Federal Reserve Bank of Cleveland President Loretta Mester said Friday she is not yet willing to rule out supporting a rise in rates at central bank’s June policy meeting despite data showing a very weak start to growth in 2015.
When it comes to boosting rates off their current near zero levels, “all meetings are on the table,” Ms. Mester told reporters after a speech held at the Federal Reserve Bank of Philadelphia. “I’m going to be data dependent, I’m going to look at the data, and go into each meeting with an assessment of the data that comes in. So I’m not taking any of the meetings off the table.”
Ms. Mester is the first official to speak publicly since this week’s gathering of the monetary-policy setting Federal Open Market Committee. Officials held interest rates steady then amid rising concern about the economy after data showed negligible levels of growth in the first quarter. The economy’s performance is raising questions about the ability of the Fed to boost rates off of near-zero levels this year, as many central bankers would like to see.
Market expectations of the first rate rise have been moving steadily later into the year in reaction to the data. A number of key officials have also shown less confidence about the timing of the increase. In recent remarks Ms. Mester had signaled an openness to raising rates over the first half of the year, which pointed to the Fed’s mid-June policy meeting as a time the institution could act.
In her comments to reporters, Ms. Mester kept that expectation in play. She signaled that while data over the first quarter was indeed a “disappointment,” it remains to be seen whether the weakness will prove enduring. “It’s too early” to be sure the second quarter has already run into trouble, she said.
“We have quite a bit of data coming out between now and the June meeting, and I’m going to be particularly attentive to that data,” especially when it comes to job market numbers, Ms. Mester said. “I can be agnostic at this point and just wait for the data to come in,” and then decide on what the right policy for rates will be, she said.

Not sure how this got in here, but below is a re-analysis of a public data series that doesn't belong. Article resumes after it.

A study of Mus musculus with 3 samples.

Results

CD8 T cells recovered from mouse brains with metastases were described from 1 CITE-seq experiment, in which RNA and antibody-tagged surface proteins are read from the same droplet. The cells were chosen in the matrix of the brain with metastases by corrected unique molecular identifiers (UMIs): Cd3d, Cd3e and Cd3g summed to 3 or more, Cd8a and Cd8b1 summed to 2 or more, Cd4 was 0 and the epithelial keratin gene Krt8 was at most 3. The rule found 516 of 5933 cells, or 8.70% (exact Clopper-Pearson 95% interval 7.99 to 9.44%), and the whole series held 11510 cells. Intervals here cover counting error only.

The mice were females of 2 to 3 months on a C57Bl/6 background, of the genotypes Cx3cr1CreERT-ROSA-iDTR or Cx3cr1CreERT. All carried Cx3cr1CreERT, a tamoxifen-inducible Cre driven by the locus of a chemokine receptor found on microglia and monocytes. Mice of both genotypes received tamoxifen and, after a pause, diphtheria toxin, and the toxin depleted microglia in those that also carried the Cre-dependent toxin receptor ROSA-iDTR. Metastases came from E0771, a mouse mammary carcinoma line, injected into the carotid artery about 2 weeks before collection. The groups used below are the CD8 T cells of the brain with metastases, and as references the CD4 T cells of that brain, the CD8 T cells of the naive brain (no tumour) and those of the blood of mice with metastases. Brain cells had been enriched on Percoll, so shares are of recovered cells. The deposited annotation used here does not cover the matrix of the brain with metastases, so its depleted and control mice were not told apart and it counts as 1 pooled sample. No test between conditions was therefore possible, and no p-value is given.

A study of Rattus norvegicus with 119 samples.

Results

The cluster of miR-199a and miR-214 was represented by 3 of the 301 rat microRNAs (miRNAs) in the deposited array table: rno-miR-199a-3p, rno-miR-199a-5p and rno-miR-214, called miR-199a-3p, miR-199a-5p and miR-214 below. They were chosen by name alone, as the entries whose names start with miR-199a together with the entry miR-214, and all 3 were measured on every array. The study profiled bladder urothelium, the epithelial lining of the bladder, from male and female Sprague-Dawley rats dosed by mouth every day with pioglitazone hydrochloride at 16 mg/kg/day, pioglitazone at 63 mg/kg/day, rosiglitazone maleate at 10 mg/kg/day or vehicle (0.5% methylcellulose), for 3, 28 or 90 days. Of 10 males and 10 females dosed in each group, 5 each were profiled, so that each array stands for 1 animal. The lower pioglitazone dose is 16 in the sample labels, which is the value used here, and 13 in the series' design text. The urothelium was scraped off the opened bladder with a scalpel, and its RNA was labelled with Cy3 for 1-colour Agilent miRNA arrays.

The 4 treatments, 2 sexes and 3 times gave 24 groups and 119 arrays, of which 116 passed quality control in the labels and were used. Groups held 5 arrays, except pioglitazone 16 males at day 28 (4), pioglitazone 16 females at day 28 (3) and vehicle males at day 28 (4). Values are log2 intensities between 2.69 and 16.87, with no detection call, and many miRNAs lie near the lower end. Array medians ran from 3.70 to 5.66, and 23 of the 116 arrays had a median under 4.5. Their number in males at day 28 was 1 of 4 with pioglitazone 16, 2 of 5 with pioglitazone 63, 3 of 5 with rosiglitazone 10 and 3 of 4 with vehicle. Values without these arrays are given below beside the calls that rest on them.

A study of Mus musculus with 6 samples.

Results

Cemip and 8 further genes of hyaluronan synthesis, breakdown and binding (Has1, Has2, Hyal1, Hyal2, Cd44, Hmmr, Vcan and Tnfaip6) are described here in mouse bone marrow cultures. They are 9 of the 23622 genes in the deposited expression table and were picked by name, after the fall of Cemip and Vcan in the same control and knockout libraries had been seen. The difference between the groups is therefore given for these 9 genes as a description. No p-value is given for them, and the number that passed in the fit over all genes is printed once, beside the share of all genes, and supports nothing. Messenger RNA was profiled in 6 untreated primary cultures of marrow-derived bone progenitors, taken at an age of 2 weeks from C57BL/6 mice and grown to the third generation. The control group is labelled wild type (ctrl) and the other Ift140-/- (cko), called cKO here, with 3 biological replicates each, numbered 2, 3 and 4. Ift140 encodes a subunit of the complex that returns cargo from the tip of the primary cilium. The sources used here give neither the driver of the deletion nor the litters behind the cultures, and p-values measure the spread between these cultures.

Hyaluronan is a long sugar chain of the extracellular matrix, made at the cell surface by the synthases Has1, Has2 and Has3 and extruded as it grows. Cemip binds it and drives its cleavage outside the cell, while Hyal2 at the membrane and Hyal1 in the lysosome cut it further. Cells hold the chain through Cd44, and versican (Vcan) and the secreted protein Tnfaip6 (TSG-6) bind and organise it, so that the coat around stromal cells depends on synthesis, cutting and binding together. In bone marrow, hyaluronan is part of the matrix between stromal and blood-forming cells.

For now, “I think policy is appropriate, but we are getting close to the point” where rates will need to move higher, Ms. Mester said.
In her speech, the official said brighter household finances are providing notable support to the U.S. economy. “The improvement in households’ balance sheets is one of the important fundamentals underlying the outlook for continued expansion, further improvement in labor markets, and inflation gradually moving back to the Federal Reserve’s 2% target over the medium term,” Ms. Mester said.
The official observed that while household debt has been rising, she sees few problems with this. She noted “household debt relative to disposable personal income has fallen to around 100% and is near its longer-run trend,” she said.
The bulk of Ms. Mester’s speech was devoted to issues involving research into consumer credit issues. She said more work needs to be done to properly understand the linkages between household finance and the broader economy.
The official said that while the Fed is doing work to bolster its powers to deal with financial sector imbalances, uncertainty remains. She said tools like stress tests, capital requirements and other so-called macroprudential tools that address imbalances outside of traditional interest rate policy “show promise” but are as yet “largely untested.”